When most people hear the phrase “Fact Checking”, they assume it means to literally fact check an idea the way Snopes might, by finding out if it’s literally true, partially true, or if it is made up entirely of lies and fallacies.

A CBT (Cognitive Behavior Therapy) approach to challenging your thoughts might sound something like:

  • “What evidence is there to support my thought?”
  • “What evidence is there contrary to my thought?”
  • “Am I making assumptions about this situation without looking at all of the evidence?”
  • “What would an objective person think/say about this situation?”
  • “If I look at the situation while putting a positive spin on it, how is it different?”
  • “Will this matter in a year? Will it matter in five years?”

A trauma-informed approach will prompt you to identify the history of the anxious thought pattern to understand using a compassionate lens why you are reacting in a particular way and then ask you to balance that recognition of history impacting the present moment by reminding yourself that this not necessarily the same thing as what happened before. While you may be predisposed to the urges that come with your present reaction, it does not mean that the reaction is working for you or serving you in an effective way based on your present needs.

DBT (Dialectical Behavior Therapy) which has roots in CBT, takes the concept of “Fact Checking” to a whole new level which, like chips and dip, pairs nicely with a trauma-informed approach.

Fact Checking is most effective when the exercise is written out. Here are the steps:

  1. Write out what literally happened, just the facts (ONLY objective data).
  2. Write out what you perceived to have happened (just the subjective data).
  3. List emotions, thoughts, urges and actual behaviors that happened as the result of the situation.
  4. Using a 0-10 scale (0 = neutral or no disturbance, 10 = worst possible disturbance) rate the intensity of your reaction (#3).
    • Assess the intensity of your reaction (#4) to determine whether it is justified based solely on the objective data (#1).
    • If you aren’t sure, have three objective people read what you have written and give you feedback.

When I am teaching this skill to clients, I add extra steps.

I ask clients to read aloud what they have written for each step before moving on to the next step. So, they write out Step 1 and then read it to me. Write out Step 2 and then read it to me again starting from Step 1; so on and so forth until we get to the end.

Dana, why do you want us to do this? Are you just trying to drag one skill out for the whole session? Are you trying to make it awkward?

No!

Typically, when we tell a story, especially one with drama, we add pitch, tone and context but usually the context is there to ensure that the listener will arrive at the same conclusions that we already have. We also tend to tell stories in a linear fashion and get ourselves emotionally worked up while we do it.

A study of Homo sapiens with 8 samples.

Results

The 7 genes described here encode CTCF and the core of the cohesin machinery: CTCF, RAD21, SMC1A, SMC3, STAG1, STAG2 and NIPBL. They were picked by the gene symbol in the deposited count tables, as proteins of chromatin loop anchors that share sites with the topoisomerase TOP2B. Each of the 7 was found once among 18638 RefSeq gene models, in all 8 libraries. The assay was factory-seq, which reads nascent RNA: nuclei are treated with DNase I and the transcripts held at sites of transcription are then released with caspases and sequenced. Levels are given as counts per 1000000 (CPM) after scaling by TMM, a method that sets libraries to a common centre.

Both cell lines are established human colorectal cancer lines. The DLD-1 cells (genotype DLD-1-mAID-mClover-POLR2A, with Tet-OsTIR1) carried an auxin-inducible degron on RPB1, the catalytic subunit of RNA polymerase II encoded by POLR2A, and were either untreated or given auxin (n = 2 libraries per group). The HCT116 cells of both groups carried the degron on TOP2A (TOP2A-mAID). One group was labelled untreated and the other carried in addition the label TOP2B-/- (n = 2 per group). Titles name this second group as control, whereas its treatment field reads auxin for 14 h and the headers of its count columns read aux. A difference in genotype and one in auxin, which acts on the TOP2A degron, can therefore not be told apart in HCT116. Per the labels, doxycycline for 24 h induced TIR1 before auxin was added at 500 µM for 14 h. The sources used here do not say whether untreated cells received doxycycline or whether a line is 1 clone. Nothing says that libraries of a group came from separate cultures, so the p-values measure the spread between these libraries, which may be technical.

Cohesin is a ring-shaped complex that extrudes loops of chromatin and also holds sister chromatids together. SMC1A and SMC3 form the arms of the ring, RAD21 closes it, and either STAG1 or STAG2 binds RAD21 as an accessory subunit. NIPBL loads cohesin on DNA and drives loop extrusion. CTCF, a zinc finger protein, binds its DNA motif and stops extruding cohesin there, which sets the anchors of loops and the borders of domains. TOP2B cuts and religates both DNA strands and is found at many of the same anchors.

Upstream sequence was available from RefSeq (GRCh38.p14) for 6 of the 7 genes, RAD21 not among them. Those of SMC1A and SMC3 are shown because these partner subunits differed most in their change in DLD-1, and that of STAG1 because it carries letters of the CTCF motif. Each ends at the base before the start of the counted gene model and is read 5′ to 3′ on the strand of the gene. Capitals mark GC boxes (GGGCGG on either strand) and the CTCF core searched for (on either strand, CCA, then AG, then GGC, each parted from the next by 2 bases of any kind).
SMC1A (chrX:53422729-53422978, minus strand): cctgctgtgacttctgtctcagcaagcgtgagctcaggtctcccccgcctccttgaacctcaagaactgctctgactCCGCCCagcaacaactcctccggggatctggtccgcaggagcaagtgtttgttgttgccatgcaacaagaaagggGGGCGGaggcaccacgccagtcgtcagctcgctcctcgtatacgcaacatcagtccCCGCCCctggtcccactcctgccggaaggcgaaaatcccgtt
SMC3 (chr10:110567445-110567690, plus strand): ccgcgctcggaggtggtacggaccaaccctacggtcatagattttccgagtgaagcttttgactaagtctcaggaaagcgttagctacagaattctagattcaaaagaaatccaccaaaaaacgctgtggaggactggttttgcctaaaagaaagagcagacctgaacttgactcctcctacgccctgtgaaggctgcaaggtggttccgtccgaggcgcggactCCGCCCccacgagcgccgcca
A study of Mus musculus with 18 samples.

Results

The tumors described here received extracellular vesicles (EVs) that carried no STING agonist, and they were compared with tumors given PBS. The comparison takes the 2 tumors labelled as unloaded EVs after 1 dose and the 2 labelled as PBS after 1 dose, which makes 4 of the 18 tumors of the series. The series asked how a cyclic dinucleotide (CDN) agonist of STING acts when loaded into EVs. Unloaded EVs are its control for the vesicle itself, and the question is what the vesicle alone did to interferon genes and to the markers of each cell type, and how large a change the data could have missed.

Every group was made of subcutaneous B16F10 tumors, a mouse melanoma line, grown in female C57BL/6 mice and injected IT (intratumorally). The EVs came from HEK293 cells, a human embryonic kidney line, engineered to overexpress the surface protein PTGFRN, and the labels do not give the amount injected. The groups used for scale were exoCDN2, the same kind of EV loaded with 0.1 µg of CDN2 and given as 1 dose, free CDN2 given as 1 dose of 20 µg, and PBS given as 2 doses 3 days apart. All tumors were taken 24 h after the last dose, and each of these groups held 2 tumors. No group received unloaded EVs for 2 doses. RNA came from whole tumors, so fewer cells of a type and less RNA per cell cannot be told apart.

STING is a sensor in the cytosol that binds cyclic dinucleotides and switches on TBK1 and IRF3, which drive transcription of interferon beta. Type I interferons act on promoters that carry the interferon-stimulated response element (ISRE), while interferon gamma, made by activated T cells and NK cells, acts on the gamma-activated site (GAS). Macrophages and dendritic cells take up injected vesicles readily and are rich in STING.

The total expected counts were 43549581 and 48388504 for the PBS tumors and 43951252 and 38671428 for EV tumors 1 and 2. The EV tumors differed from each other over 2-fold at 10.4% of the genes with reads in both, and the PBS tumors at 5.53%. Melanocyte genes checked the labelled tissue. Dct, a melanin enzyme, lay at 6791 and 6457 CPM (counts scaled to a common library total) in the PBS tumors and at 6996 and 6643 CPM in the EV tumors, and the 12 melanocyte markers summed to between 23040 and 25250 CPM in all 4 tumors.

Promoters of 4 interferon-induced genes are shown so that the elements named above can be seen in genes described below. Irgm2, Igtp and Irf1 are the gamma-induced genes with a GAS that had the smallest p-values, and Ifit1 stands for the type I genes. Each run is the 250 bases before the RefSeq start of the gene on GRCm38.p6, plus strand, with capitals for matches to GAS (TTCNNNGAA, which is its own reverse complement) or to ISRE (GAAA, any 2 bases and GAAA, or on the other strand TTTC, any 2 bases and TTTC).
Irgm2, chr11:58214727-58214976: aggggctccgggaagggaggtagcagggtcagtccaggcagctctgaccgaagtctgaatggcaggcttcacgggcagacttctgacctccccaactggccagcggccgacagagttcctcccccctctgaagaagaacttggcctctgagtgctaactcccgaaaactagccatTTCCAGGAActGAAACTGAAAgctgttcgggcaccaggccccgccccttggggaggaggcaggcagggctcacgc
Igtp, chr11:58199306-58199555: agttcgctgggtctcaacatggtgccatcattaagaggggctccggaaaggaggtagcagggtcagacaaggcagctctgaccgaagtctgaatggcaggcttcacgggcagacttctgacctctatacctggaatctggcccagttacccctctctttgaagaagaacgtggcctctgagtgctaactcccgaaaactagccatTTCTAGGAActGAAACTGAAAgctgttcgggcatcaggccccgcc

By disrupting the timeline while re-telling the story, and by reading aloud what is written, we reduce the likelihood of getting emotionally ramped up again during the exercise. It helps to create enough emotional distance that the situation can be processed more effectively. And we hear things with our ears differently than we think them.

The benefit of separating the objective from the subjective data is that we can identify what we are actually reacting to. We may be reacting just to our assumptions or perceptions of what happened but may have been mistaken in our assumptions or perceptions. If we know what we’re actually reacting to, we can plan for how to cope with it.

I also ask clients to use the 0-10 scale to rate the intensity of their reaction at the time the situation happened and the intensity of their feelings about the situation now that we are talking about it. This helps us to reflect on what might have changed to help reduce the intensity of the reaction, or to identify if the situation is just as painful now as it used to be and then we can talk about why it might still be just as painful.

We also use this as an opportunity to identify what coping strategies could have been used to intervene (if a maladaptive behavior resulted from the stress of the situation) or talk about how they were able to avoid acting on urges to lash out by using skills instead.

We use this as an opportunity to plan ahead for how they can cope with situations that might come up in the future.

This also creates an opportunity to practice self-compassion by understanding where the assumptions or perceptions came from, and what the urges are really about.

Fact Checking is my most favorite skill. If I could pick one and only one to carry with me and could never use another coping skill again, I would keep this one. It has been the most impactful and effective for me to process my own emotions and I have found to be very helpful with clients as well.

I actually learned about Fact Checking before I became a therapist and before I knew anything about DBT. A very dear person taught it to me when I was struggling with something and since that time, I have used it consistently. I still write it down. I still practice it the same way that I ask clients to do it in sessions and on their own (because it’s important to practice skills in all relevant contexts).